Japan - Useful Info



In Japan the standard voltage is different from other regions of the world at 100V, and power outlets accept a flat 2-pin plug (similar to North American outlets). To cover all bases, it is best to pack an international travel adaptor!




Japan is 9 hours ahead of GMT and does not observe daylight savings.




Weather conditions vary in Japan depending on location and time of year. Typically summers are hot and humid, whilst winters are significantly colder - especially in the mountains, with a dry climate and light snowfall. Spring and Autumn offer warm days and cool nights, making this a wonderful time to explore the highlights of Japan. June is considered the rainy season with hot and muggy weather. Temperatures do vary depending on the region, so be sure to check in advance when travelling to the far north or far south of Japan.


Japan - Tokyo


  Jan Feb Mar Apr May Jun Jul Aug Sep Oct Nov Dec
Min Temp °C 2 3 6 11 15 19 23 24 21 15 10 5
Max Temp °C 10 11 14 19 23 26 30 31 28 22 17 13
Ave Rainfall (mm) 62 61 126 139 150 168 182 186 215 235 108 44


The weather chart above shows the average daily min and max temperatures in Celsius and the average monthly precipitation, and should only be used as a guide.




The official currency in Japan is Japanese Yen (JPY).


Most major currencies can be exchanged at the airport, post office, banks or major hotels; and traveller’s cheques can be exchanged in major banks, larger hotels and some duty free shops. While credit cards are becoming increasingly popular in Japan, they are not commonly used for making purchases as in western countries so you are best to pay in cash where possible.


Avoid cash machines at banks as these do not normally accept foreign-issued cards. Instead use the Post Office cash machines from which you will be able to take out money using Visa cards, MasterCard, Cirrus or Maestro. Note that Post Offices may only be open during office hours Mon to Fri. Convenience store chain 7-Eleven will have ATMs in almost all of its stores which will accept most foreign-issued credit and debit cards.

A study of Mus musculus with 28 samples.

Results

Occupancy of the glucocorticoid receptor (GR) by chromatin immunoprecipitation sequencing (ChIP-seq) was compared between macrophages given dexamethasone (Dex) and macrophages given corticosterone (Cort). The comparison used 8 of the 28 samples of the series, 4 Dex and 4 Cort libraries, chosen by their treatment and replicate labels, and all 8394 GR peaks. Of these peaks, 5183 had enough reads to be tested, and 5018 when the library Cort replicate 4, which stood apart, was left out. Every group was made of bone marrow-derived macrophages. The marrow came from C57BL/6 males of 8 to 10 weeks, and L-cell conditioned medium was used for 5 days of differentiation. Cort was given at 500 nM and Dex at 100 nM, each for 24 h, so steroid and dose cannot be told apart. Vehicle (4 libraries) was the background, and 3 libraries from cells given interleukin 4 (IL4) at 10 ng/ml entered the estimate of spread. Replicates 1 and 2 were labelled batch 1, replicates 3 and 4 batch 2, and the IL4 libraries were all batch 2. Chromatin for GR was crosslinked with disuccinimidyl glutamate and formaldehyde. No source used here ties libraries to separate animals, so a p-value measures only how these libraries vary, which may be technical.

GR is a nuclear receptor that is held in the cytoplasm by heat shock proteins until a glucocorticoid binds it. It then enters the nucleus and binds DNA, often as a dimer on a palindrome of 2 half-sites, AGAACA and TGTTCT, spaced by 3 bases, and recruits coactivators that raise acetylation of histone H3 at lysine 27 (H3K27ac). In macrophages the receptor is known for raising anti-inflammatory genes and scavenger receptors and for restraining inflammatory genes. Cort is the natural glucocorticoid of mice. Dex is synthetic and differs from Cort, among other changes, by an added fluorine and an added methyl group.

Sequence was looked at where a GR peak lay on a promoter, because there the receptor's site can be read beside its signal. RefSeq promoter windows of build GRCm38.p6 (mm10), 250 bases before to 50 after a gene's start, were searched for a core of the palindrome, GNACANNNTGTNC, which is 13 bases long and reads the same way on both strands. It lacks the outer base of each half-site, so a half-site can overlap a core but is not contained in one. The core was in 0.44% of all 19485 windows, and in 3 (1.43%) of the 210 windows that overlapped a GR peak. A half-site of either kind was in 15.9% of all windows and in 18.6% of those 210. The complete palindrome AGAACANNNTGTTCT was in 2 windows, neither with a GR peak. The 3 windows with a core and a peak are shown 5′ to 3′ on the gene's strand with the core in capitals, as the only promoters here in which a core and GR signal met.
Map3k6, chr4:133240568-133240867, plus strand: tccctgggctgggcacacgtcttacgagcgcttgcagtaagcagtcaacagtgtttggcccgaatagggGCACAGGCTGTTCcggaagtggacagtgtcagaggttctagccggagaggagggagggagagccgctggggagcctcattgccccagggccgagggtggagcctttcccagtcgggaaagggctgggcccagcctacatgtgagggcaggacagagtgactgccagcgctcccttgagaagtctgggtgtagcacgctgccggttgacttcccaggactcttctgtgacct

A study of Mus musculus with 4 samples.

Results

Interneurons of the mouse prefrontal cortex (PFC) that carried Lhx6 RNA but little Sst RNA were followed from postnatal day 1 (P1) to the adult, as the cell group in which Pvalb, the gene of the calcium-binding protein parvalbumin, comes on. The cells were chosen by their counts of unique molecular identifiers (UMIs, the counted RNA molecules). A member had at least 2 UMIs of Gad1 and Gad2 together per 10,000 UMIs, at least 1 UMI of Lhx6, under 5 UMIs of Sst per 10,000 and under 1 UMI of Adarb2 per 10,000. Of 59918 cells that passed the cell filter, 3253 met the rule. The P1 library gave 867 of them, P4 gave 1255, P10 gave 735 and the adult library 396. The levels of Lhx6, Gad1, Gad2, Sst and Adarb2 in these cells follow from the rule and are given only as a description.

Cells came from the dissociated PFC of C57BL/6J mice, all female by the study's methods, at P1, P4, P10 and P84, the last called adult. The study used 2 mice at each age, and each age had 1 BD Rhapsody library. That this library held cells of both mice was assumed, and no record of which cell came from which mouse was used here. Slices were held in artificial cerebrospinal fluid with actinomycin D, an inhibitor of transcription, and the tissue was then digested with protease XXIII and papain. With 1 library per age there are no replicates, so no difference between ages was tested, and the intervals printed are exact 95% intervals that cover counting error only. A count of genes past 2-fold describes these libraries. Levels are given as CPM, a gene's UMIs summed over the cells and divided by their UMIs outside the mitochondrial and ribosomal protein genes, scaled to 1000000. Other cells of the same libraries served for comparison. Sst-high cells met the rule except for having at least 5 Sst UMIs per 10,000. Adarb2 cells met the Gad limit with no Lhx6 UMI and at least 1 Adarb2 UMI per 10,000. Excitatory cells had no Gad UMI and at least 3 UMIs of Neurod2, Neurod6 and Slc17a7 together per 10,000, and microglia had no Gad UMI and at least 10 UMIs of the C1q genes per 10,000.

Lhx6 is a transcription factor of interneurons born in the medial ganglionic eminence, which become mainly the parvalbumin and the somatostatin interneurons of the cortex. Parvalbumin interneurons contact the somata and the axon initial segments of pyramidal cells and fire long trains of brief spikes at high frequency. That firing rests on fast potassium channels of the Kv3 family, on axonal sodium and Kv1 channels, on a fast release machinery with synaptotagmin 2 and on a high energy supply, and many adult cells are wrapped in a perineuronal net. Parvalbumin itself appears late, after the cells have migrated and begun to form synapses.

While Japan is considered safe make sure you are up to date on routine vaccinations; it is also recommended to be vaccinated for Hepatitis A, Hepatitis B and Japanese B Encephalitis.


Japan does have mosquitoes in the summer months, but Malaria is not a problem in Japan. If you are allergic to bites from mosquitoes please take appropriate precautions; anti-mosquito sprays and creams are widely available in Japan or you could bring your own from home.


Water is safe to drink in all areas of Japan.




One of the best things about visiting any country is sampling its cuisine and during your stay in Japan you’ll probably be wishing to do just that. Many Japanese restaurants specialise in one particular type of food. Sushi is of course the most famous dish, but Japanese food does not stop with raw fish; other specialities include teriyaki (marinated beef/chicken/fish seared on a hot plate), sukiyaki (thin slices of beef, bean curd and vegetables cooked in soy sauce and then dipped in egg), and tempura (deep fried sea-food and vegetables).


If everything so far sounds a bit meat and fish orientated don't be alarmed - there are vegetarian options in Japan. Try the wonderful zaru soba (buck-wheat noodles served cold), a bowl of Udon (thicker noodles) in a mountain vegetable soup, tofu steak or a vegetable okonomiyaki (savoury pancake). If you are feeling adventurous you could try natto, this is a sticky and slightly smelly concoction made of fermented soya beans.


If you want a more general selection, then the best place to go is an Izakaya (Japanese pub) where you will find an extensive and pretty cheap choice of food and drink. Izakaya often offer tabehodai or nomihodai - for a set price you get an hour or two to eat or drink as much as you like. Choosing exactly what to eat is made easier by well illustrated menus or plastic food displays at the doorway – just point and see what you get. In major cities you will also find plenty of Western-style restaurants.


Each region of Japan also has its own speciality foods, unique to or particularly famous in that one area of the country. These are nearly always made from locally produced ingredients.